Referee Josh Rosenthal pleads guilty to charges for owning $6 million worth of marijuana
Josh Rosenthal oversees Donald Cerrone versus Melvin Guillard at UFC 150. (Getty)
Well-known MMA referee Josh Rosenthal has been a part of some of the UFC's most famous bouts, including Brock Lesnar's championship win over Shane Carwin and Dan Henderson's Fight of the Year win over Mauricio "Shogun" Rua. Now, it turns out he was also part of an illegal drug operation.
In a story that could have been the plot of the show "Weeds," Rosenthal plead guilty to charges of conspiracy to manufacture and distribute marijuana. He and an associate owned a warehouse that kept 1,356 marijuana plants with a street value of $6 million. According to MMA Junkie, he could spend more than three years in prison:
The government is recommending 37 months in jail, fines and five years of probation, during which he would be subject to random searches, according to the agreement. Without a deal, he faced 10 years to life in prison, a $10 million fine and a minimum of five years' probation.
Rosenthal was once a mainstay on the UFC refereeing rotation, but hasn't been in the cage recently. His license lapsed in California as he dealt with his legal troubles and healed from a staph infection. Though referees are assigned by state commissions, not the UFC, Rosenthal had earned the praise of UFC president Dana White for his role in the Lesnar-Carwin bout.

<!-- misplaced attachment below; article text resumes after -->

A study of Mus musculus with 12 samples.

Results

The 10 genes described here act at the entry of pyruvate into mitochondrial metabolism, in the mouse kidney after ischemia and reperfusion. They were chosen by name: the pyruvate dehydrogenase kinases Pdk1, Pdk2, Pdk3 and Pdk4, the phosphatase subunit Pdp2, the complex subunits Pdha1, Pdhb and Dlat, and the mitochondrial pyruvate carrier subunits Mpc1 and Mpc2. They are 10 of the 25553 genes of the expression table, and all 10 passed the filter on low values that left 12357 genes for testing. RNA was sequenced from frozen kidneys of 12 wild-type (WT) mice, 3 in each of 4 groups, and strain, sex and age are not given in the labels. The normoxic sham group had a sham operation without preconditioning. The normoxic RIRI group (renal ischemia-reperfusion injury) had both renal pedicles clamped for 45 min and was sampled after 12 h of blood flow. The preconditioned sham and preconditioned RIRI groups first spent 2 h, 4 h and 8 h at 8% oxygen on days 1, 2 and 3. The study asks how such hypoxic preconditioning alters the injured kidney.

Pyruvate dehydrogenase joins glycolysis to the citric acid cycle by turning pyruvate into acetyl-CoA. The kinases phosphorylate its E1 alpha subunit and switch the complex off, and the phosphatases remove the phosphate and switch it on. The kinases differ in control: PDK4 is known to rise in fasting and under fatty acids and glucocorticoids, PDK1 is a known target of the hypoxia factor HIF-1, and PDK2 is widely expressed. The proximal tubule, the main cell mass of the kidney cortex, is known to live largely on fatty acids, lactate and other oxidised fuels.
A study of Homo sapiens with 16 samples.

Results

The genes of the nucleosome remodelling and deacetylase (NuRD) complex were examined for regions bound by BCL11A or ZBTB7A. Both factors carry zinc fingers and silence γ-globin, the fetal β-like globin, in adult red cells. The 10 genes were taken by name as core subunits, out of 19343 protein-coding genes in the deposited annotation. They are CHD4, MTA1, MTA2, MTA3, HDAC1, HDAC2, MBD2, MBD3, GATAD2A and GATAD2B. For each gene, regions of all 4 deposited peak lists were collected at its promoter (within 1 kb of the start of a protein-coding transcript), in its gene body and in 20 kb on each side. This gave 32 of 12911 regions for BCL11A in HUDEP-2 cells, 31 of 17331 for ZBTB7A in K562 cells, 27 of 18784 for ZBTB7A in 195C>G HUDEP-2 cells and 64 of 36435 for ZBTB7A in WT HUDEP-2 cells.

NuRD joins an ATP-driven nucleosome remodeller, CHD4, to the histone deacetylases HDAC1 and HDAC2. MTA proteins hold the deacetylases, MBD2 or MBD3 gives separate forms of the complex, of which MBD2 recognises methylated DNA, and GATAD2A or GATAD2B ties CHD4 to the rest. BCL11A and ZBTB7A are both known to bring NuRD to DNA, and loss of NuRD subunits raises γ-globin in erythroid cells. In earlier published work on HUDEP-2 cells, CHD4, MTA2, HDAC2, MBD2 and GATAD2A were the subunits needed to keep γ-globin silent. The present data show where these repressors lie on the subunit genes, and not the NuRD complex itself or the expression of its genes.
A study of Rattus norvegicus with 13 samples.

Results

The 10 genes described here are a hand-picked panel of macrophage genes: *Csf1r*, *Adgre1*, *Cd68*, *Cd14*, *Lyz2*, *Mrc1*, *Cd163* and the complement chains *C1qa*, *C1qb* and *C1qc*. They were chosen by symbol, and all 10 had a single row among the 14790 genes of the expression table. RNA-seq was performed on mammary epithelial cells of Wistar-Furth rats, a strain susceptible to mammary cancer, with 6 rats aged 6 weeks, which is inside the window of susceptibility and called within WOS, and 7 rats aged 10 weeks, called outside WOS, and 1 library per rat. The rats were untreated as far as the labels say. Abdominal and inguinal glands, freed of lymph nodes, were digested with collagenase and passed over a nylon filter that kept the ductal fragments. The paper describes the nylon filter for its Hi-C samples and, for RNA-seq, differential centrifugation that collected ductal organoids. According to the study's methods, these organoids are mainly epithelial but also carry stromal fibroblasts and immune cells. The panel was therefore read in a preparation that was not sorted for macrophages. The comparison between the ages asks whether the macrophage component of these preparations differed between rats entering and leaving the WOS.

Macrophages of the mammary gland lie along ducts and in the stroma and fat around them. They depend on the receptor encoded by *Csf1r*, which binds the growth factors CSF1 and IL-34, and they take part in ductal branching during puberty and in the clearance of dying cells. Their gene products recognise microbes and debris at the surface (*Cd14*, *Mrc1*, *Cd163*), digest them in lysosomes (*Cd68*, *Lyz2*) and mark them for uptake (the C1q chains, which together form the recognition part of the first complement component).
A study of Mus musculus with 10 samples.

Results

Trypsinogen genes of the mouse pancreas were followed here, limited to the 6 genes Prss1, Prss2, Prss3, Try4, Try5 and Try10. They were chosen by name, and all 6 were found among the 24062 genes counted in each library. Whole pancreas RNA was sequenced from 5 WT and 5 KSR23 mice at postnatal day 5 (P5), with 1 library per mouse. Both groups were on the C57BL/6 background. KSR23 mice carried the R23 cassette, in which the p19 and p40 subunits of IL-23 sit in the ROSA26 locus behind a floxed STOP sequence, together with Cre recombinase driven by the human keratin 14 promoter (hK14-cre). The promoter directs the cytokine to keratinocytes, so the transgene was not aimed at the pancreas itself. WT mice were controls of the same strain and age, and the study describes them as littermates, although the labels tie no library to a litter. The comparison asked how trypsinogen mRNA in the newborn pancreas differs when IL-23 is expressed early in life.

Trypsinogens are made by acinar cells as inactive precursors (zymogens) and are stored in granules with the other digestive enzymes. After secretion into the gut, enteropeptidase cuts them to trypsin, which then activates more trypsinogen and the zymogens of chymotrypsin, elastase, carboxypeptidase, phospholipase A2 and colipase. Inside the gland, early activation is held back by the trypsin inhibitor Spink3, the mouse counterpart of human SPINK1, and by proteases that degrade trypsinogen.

Faced with legal trouble, Rosenthal let his refereeing licenses lapse in two of the most active MMA states in the nation, California and Nevada.
Representatives from both commissions confirmed to MMA Fighting that Rosenthal did not renew his licenses in either state after the end of 2012. Both states ask prospective officials if they have ever been convicted of felonies, making it unclear if Rosenthal would be able to return to the role in the future.
Of course, he has much larger concerns now. His sentencing hearing will take place on May 17, after a continuance from the original May 7 date. He faces at least 10 years to life in prison, a $10 million fine, at least five years to life on supervised release, and a $100 special assessment fee.